City staff brings the hot dogs and soft drinks for those who attend. The whole point of these events is to give community members access to the public employees and officials who serve them. The atmosphere is relaxed, there are no speeches, and so far, these meetings have proven to be very successful, productive and popular. It has been particularly rewarding to watch the officers who patrol our streets, our dispatchers and firefighters speak one-on-one with the residents who are brimming with questions, some have complaints or are angry about various things, but most importantly, it brings everyone to the same level of existence: we are all people trying to do our best and to keep our community safe.

Some examples of the issues that come up are complaints about traffic hazards, drug houses or gang activity in the neighborhood, blight, problems with unattended vacant houses, noise complaints, traffic sign requests, city service complaints and requests for formalized Neighborhood Watch programs.

I attend most of these meetings, and have found them extremely productive. As an example, one neighborhood group, led by Mr. Don Cool, hosted one of these meetings, and insisted that its members provide the forum, food and drinks, in recognition of the need for a unified front between public safety and the community. It was an outstanding success!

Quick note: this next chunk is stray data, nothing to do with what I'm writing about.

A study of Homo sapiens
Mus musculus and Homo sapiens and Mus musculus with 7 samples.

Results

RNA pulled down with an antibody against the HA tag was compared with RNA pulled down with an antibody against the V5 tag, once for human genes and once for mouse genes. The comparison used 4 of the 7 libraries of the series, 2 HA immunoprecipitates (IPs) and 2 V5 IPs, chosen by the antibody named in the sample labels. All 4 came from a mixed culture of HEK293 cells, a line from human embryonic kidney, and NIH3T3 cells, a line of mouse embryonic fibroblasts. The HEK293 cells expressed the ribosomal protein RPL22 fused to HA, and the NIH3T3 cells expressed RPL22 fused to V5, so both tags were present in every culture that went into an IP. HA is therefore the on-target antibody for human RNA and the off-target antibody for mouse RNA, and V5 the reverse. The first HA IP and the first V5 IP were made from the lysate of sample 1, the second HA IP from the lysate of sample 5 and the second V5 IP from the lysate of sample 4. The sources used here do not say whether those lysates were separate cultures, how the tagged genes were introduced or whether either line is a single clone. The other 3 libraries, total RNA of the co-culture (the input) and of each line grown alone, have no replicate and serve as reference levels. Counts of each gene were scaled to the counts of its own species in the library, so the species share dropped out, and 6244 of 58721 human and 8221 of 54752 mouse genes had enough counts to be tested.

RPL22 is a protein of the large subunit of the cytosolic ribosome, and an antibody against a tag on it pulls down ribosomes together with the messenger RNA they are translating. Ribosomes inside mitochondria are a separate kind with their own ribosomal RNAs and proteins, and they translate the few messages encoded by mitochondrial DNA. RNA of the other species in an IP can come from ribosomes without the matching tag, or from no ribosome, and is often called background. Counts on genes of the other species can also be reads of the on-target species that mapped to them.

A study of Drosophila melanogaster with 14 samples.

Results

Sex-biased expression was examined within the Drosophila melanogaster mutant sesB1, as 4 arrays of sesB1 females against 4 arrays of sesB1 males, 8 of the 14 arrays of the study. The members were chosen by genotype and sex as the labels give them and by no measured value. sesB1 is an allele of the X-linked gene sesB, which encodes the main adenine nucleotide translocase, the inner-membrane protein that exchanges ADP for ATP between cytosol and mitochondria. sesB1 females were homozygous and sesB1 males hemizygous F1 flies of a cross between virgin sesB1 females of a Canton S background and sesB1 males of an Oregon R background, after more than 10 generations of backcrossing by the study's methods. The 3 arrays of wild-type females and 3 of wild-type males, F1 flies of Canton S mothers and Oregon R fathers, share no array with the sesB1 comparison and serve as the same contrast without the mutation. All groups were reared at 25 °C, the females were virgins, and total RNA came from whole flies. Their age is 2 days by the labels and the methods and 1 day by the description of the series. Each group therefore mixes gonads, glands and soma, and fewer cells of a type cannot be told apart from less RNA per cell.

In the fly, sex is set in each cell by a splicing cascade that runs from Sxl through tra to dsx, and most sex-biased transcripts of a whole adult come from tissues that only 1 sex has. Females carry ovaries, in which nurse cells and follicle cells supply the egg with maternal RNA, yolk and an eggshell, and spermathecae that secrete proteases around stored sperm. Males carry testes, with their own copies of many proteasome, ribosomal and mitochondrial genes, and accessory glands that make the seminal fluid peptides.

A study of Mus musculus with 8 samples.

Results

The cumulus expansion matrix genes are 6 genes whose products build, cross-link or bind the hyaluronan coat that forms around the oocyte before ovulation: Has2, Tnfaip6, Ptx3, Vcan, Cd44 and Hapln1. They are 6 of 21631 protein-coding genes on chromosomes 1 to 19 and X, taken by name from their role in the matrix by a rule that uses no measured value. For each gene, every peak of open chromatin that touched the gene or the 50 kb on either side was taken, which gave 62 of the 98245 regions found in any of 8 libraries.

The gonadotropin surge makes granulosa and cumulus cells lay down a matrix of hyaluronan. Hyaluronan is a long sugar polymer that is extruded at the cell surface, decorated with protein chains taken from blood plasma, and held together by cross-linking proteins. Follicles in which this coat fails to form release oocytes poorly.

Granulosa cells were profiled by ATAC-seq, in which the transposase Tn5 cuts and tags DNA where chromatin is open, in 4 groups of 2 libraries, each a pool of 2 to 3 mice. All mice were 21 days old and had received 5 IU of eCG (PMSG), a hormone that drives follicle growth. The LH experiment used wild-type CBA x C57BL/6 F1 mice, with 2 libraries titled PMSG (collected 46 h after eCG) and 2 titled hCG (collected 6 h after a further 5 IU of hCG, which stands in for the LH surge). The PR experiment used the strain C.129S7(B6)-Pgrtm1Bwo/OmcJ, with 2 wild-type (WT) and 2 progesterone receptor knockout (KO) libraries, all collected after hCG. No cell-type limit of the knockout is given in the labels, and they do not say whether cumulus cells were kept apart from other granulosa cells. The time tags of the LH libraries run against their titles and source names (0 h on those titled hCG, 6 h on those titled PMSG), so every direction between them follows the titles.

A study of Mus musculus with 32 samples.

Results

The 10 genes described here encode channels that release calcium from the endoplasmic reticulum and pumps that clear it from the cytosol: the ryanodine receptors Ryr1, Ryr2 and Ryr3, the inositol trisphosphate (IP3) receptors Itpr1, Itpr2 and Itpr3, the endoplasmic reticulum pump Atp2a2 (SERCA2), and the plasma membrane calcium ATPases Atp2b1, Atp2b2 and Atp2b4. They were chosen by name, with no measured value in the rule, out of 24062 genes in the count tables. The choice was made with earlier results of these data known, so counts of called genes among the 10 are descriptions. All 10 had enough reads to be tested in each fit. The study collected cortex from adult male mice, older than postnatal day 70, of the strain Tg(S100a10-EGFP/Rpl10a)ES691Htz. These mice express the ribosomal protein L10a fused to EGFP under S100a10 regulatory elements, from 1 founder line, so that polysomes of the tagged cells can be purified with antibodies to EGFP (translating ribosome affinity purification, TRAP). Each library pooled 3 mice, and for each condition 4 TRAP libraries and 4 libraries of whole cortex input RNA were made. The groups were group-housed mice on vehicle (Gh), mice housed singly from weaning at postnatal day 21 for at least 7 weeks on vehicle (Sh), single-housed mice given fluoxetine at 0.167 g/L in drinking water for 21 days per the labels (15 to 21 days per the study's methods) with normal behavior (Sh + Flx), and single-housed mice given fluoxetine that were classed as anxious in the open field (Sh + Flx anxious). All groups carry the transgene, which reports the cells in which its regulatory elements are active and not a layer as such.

Once we know about a neighborhood's specific needs and problems, city staff formulates a response plan in conjunction with the neighbors, and then takes steps to implement the plan. It is also rewarding to see how well the officers, firefighters and residents interact with each other. Usually, when these personnel are seen in a neighborhood or traveling along our busy main thoroughfares, they are hurrying to an emergency or other high-priority call for assistance. This leaves them little time to stop and visit with the people.

The neighborhood meetings are showing the ability to restore the personal touch to our police and fire services - something that is very important when it comes to eliminating crime and improving overall community safety, The relationship between public safety personnel and the public has been reduced to interactions that take place only when big problems have developed or when emergency assistance has become necessary. This is owing to the fact that our personnel resources are quite limited, but it also results from the [previous] lack of public forums like the neighborhood meetings.

These meetings became possible when the City Council decided to authorize a community relations officer position, which is now occupied by Enrique Perez. He is responsible for scheduling the meetings, making the arrangements for the various city staff to participate, and most of the time; he is the man on the grill cooking the hot dogs. If you and your neighbors are interested in having one of these meetings in your area, you should call Enrique at 538-5735 to discuss the arrangements and to get an understanding of the basic issues in your neighborhood.